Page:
NEW YORK – The National Restaurant Association said this morning it is joining the growing opposition to the proposed $7.2 billion antitrust settlement with Visa and MasterCard over fees for credit card transactions, another major setback to the endangered deal.
The group, which represents the $600 billion U.S. restaurant industry, is the last of six major trade groups that are named plaintiffs in the antitrust action to oppose the historic deal, which must be approved a federal judge weighing opposition to the settlement.
The restaurant trade group said its main concern is that the settlement would prohibit all merchants that use Visa and MasterCard - whether they decide to opt in or opt out of the settlement - from filing future lawsuits over interchange issues. "There is strong concern that the proposed settlement agreement will not achieve the litigation's most critical goal - to fundamentally change a broken marketplace in which swipe fees are set," Dawn Sweeney, president of the restaurant lobby group, said in a statement.
While the group has been pushing for reforms that would bring transparency to the interchange system and help lower costs for restaurants, the proposed settlement accomplishes neither, it said.
Under the proposed deal, the credit card companies and banks have offered to pay $6 billion and to temporarily reduce swipe fees, also known as interchange fees, to save stores about $1.2 billion over an eight-month period.
While the settlement has won approval from grocers like Kroger Co and Safeway Inc, it is being fought by powerful groups like the National Retail Federation, retail giants WalMart and Target, coffee chain Starbucks Corp and a variety of other industry groups, including the Retail Industry Leaders Association, National Association of Convenience Stores, National Cooperative Grocers Association, National Grocers Association, National Community Pharmacists Association, the Texas Food & Fuel Association, the Society of Independent Gasoline Marketers of America.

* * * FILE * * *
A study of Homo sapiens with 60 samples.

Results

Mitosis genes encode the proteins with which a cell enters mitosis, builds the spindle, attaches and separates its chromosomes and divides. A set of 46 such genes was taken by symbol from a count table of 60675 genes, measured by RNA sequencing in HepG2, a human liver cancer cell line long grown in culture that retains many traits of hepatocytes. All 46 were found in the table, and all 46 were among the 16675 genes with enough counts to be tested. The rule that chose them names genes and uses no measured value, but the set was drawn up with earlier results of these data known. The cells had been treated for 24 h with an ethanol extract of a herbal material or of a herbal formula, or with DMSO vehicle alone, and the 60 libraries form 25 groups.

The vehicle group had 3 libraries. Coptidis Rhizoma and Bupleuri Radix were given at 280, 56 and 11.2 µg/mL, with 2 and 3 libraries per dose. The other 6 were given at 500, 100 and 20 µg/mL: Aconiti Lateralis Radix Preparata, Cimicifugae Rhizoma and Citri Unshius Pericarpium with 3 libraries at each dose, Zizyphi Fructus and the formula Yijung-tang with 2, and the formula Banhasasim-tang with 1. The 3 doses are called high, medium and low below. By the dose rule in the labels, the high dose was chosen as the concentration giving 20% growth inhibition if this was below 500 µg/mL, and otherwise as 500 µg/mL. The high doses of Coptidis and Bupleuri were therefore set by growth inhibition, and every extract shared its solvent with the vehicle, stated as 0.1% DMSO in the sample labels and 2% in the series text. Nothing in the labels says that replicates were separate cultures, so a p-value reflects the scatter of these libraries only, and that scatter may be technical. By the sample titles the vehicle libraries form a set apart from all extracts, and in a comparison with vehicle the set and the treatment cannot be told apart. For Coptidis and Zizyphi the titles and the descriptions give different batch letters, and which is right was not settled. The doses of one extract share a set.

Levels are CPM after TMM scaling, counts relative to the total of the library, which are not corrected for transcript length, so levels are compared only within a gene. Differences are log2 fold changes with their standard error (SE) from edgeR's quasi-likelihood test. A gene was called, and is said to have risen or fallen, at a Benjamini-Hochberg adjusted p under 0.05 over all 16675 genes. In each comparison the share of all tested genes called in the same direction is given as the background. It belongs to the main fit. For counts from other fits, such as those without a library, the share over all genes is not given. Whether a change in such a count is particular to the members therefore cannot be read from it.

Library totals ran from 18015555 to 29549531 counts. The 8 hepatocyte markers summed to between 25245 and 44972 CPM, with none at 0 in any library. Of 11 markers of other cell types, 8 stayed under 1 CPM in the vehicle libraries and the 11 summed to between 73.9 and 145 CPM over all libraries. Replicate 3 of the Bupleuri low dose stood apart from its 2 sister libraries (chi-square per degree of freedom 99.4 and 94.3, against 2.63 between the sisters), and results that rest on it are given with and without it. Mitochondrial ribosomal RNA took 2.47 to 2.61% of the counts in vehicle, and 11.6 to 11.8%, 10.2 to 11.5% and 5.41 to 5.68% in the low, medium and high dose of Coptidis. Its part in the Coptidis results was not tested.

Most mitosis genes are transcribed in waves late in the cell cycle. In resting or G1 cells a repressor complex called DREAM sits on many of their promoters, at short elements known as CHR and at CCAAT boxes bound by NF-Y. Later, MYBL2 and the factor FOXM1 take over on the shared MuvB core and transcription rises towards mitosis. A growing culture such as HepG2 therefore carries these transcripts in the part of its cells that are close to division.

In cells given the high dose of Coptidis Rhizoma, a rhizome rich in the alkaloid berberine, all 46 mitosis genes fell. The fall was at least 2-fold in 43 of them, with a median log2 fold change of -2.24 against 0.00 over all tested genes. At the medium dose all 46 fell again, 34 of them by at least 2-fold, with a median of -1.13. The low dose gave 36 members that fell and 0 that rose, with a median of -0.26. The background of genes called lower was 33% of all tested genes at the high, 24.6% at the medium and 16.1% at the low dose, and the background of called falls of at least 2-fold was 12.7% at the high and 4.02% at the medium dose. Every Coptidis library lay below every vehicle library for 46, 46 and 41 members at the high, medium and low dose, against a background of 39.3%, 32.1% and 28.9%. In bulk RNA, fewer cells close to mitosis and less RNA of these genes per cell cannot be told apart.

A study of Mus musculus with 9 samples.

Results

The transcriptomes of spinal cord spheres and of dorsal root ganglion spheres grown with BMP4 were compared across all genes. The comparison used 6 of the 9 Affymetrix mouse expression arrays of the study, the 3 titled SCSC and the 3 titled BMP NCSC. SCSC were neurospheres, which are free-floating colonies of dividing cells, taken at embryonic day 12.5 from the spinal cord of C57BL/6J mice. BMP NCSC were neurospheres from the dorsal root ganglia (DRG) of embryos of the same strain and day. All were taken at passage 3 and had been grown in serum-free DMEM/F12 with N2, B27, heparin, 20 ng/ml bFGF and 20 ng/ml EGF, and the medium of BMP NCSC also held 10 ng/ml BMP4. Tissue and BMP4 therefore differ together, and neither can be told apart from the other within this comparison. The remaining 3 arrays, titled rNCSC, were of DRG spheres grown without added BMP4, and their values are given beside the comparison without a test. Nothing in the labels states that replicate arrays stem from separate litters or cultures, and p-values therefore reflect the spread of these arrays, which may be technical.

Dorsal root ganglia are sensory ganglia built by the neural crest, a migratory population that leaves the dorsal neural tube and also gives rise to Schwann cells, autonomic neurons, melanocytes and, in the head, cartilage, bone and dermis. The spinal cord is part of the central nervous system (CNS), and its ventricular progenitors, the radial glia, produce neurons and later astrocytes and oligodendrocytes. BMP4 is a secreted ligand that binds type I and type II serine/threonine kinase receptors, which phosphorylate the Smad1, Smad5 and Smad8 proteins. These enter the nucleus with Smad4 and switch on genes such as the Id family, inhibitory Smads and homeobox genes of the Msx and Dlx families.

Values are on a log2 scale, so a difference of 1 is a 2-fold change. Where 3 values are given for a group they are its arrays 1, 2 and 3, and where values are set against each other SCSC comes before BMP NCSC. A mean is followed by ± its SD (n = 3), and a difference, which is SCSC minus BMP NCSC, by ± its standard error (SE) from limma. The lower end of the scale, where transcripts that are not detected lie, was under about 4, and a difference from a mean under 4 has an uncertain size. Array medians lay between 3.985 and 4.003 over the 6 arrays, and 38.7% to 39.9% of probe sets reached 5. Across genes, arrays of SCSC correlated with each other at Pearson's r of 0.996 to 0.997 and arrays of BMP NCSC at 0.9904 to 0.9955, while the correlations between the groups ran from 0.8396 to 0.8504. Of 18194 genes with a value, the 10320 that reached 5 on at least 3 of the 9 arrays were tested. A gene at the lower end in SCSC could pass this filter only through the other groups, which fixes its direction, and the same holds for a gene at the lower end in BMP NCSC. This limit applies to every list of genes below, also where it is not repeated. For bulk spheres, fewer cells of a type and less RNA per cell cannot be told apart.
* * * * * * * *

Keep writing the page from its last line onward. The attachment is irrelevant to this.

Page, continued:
The settlement will have enormous impacts on credit unions, which earn an estimated $3 billion a year in interchange fees on their credit cards and own stock in Visa and MasterCard. Lower interchange fees charged by Visa and MasterCard translate into less revenue for credit unions. In addition, credit unions and banks will fund the huge payment by Visa, which is converting a number of credit union- and bank-owned Class B Visa shares to fund its share of the settlement.
Opponents of the settlement say the $7.2 billion is a small amount of compensation for the billions of dollars they pay each year in interchange fees. Mallory Duncan, general counsel for the retail group, told the Credit Union Journal last week he believes damages could be many times the $7 billion figure if the case goes to court.